David Sanchez Ruano
Current research/thesis title:
Designing with-in Nature: Using biophilia, biomimicry and resilience thinking as foundations for a ‘symbiotic design practice’
If we are to move to a truly sustainable future, then designers need to be familiar with ‘designing with and within nature’. Designers only concerned with imagination, inspiration and aesthetics need to be persuaded to move to alternative design principles which have been derived from biology and ecology.
The main research question David addresses in his PhD study is:how can design education move from using nature as a source of aesthetic inspiration, applied simply as a catalyst to artistic problem elaboration, to the act of designing symbiotically with nature? In particular, which methods of teaching and learning contribute most to the designers’ transformation towards a new design ethic – from design thinking alone to design thinking and ecological thinking?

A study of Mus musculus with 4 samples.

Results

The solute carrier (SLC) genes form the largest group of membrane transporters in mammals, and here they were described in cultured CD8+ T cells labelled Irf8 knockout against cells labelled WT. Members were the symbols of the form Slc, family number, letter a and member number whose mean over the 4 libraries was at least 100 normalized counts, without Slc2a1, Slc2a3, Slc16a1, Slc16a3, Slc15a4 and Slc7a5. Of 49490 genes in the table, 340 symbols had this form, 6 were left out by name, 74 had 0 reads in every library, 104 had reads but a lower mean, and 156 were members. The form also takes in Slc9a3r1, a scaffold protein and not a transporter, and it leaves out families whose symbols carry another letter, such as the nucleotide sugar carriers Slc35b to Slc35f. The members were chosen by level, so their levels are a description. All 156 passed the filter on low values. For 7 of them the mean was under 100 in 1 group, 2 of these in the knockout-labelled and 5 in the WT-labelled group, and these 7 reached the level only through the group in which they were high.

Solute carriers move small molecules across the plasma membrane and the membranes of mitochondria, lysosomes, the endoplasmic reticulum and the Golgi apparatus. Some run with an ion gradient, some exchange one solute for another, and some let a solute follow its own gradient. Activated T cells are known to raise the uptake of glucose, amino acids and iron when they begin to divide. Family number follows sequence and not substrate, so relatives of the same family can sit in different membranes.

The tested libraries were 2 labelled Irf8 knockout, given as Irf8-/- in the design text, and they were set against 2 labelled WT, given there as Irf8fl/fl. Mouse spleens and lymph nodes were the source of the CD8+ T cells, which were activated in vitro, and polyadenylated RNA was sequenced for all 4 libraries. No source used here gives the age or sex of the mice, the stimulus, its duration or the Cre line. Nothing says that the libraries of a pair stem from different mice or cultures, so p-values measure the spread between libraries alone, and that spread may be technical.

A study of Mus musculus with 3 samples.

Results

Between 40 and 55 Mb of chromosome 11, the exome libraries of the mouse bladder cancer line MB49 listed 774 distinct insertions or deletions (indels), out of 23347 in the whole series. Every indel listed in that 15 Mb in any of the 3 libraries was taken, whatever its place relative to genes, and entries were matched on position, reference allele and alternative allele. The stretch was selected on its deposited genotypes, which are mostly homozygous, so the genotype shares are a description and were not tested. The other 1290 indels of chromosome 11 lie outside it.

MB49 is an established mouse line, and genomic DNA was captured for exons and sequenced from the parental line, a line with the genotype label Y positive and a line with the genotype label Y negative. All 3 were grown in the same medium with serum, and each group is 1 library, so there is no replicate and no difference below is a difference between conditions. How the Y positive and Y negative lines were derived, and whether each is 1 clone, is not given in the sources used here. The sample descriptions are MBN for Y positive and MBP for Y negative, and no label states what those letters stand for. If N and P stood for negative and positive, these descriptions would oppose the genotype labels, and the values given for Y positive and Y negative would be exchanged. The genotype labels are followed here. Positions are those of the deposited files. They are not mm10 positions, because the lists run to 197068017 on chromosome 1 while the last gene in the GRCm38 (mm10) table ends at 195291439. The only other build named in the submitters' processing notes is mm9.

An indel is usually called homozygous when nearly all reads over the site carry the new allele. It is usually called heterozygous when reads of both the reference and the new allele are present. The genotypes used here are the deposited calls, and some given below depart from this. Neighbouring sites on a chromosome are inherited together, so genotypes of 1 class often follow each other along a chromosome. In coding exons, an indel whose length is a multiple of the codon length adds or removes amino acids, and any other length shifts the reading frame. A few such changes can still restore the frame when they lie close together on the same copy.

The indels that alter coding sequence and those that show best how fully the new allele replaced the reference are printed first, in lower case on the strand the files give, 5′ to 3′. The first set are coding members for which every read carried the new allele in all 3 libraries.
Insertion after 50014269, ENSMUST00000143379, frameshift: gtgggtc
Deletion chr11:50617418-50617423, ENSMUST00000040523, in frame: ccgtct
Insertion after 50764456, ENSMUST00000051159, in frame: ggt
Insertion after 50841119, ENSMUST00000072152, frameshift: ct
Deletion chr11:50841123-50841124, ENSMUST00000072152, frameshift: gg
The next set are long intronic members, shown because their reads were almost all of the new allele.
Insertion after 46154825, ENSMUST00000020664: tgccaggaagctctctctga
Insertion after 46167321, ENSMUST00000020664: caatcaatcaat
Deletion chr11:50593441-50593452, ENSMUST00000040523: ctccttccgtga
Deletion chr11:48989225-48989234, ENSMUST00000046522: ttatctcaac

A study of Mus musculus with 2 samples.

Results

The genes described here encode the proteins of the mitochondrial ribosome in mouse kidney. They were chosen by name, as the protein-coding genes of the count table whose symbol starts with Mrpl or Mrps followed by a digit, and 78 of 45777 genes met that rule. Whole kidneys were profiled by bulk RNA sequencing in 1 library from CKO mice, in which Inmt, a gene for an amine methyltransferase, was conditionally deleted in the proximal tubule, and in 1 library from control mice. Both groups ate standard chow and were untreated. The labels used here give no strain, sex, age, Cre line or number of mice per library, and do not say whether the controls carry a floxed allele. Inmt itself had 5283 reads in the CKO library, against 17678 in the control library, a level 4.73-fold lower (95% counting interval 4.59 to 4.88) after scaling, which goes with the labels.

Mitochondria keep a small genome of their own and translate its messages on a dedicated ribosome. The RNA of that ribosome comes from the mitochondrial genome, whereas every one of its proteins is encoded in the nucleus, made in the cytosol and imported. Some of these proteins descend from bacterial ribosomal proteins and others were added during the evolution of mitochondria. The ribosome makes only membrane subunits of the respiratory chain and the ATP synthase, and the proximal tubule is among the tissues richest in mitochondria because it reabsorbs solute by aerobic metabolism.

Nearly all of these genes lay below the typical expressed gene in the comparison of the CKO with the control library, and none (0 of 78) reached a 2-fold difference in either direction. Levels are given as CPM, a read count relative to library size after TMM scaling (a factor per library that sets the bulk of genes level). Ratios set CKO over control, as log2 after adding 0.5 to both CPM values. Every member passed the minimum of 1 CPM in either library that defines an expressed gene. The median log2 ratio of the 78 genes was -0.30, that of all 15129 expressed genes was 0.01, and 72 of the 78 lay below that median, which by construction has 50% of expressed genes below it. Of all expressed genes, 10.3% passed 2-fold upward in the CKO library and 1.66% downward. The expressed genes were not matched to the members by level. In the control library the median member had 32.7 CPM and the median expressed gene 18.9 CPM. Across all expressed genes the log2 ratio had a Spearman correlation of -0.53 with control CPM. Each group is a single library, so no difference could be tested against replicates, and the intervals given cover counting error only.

His study reviews and consolidates the theory and practices of biophilia, biomimicry and resilience, and displays a series of teaching/learning strategies and practices which enhance the embodiment of ‘designing with-in nature’ or symbiotic design, which can be tested and evaluated across a sample of undergraduate and postgraduate design students. Text, visuals and workshop practices developed at outdoor spaces, botanic gardens and scientific facilities that involve the direct perception of living organisms are fundamental for design practices. This approach will create new learning tools and techniques in the act of design ‘symbiotically’ with our living planet.
Practicing symbiosis in design becomes crucial for our generation who should be educated to create messages, policies, products, services and built environments along with other species which have been shaping life on Earth.